World Prematurity Day event celebrates hospital’s youngest patients

Student midwife Humaairah Jama, midwife Phoebe Langer and mum Leanne Ryder with Karl Armsterong, age one

Student midwife Humaairah Jama, midwife Phoebe Langer and mum Leanne Ryder with Karl Armsterong, age one - Credit: Archant

With around a tenth of all babies born in Newham University Hospital passing through the neonatal ward, things can often be very challenging for the staff.

Aisha Dasilva with her sister Asa - Bella, 10 month old

Aisha Dasilva with her sister Asa - Bella, 10 month old - Credit: Archant

But, as the hospital celebrated World Prematurity Day yesterday with a reunion, it can also be very rewarding to see how babies once fighting for their lives have turned into thriving toddlers.

Consultant neonatologist Vimala Gopinathan has been working at the hospital for 18 years, and is responsible for the treatment of the hospital’s youngest patients.

“We say anything under 37 weeks is premature, but the babies in here can be born at anything from 23 or 24 weeks,” she explained.

“They typically stay until they have reached when they would have been full term, but some can stay longer if there are complications.”

One of the cots used to care for premature babies

One of the cots used to care for premature babies - Credit: Archant



Sometimes they are too busy for parents to feel they can ask questions, which is where a group of volunteers come in.


“We’ve got volunteers in all of the hospitals in Barts Health Trust, which is great,” she said.

Newham University Hospital staff with premature children and their families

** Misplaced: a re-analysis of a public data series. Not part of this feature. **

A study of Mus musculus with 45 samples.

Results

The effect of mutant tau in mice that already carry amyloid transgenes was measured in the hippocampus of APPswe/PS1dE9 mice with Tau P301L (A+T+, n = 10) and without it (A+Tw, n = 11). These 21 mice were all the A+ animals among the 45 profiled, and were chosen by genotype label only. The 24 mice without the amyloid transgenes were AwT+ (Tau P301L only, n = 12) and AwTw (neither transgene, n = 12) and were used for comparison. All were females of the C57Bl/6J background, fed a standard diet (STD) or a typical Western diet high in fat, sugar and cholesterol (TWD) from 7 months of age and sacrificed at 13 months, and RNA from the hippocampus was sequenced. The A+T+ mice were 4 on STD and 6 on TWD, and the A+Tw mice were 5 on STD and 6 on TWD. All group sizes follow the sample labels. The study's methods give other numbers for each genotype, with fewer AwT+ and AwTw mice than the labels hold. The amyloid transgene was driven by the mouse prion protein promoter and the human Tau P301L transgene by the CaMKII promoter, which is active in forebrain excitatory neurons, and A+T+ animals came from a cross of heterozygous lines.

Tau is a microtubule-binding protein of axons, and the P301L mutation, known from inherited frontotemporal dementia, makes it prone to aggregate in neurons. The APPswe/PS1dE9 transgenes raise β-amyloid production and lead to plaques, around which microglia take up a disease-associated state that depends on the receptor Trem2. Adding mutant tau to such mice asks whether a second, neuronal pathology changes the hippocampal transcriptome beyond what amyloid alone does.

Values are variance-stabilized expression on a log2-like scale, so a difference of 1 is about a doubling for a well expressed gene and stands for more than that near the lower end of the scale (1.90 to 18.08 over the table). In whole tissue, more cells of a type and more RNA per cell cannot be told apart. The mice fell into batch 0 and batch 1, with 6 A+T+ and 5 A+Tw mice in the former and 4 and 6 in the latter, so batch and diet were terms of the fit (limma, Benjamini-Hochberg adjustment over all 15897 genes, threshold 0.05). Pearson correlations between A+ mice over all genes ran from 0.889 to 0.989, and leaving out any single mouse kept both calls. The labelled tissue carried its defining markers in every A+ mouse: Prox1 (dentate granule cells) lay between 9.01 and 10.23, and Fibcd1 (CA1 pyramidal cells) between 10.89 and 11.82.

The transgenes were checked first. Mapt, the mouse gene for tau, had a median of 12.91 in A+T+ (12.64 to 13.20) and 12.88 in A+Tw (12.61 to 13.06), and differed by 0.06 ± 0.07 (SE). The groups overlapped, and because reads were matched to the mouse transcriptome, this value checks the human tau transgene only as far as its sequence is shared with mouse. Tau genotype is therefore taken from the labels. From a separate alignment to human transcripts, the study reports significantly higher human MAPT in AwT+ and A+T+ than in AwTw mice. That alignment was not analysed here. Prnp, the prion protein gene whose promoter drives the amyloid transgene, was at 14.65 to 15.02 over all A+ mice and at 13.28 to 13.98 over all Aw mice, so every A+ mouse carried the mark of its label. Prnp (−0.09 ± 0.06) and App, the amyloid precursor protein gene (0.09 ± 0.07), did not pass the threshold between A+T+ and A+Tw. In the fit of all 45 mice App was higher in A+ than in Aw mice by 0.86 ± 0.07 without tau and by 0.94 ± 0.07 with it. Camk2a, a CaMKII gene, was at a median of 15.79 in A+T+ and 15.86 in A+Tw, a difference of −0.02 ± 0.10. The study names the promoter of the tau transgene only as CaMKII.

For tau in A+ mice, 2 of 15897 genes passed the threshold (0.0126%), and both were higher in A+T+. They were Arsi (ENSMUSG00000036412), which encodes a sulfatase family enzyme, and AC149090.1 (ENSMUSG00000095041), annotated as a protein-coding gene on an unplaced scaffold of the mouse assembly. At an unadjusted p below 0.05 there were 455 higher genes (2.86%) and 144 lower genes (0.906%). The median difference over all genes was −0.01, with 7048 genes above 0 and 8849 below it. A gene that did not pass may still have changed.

Newham University Hospital staff with premature children and their families - Credit: Archant

“They’re not trained medical staff but they’re someone for parents to talk to.”

Corinne explained that many of the volunteers had premature babies themselves, putting them in a position to understand the impact an early birth has on families.

She added: “I’ve been to visit the Portland, which is a private maternity hospital, as part of National Prematurity Day and the important thing is that prematurity doesn’t discriminate.

“It can affect anyone, no matter how rich or poor you are.”

Katarzyna Kolenda with Antony, age 6 months

Katarzyna Kolenda with Antony, age 6 months - Credit: Archant

Clinical facilitator Beautine Wester said that despite the need for advanced technology such as incubators that won’t let the heat out when a parent opens it up to touch their baby, there is one important thing that doesn’t cost any money.

“Breast milk is a natural medicine,” she said.

“Last year we invested in seven breast pumps which we loan out to parents while their child is in the ward so they can express milk for them.

“We’re in quite a poor borough and a lot of families don’t have the money to spend on one.”

Staff have organised fundraising events, including a sponsored walk, to help provide only the very best care for their young patients.

Seeing premature babies thriving months or years later shows that it is all worth it.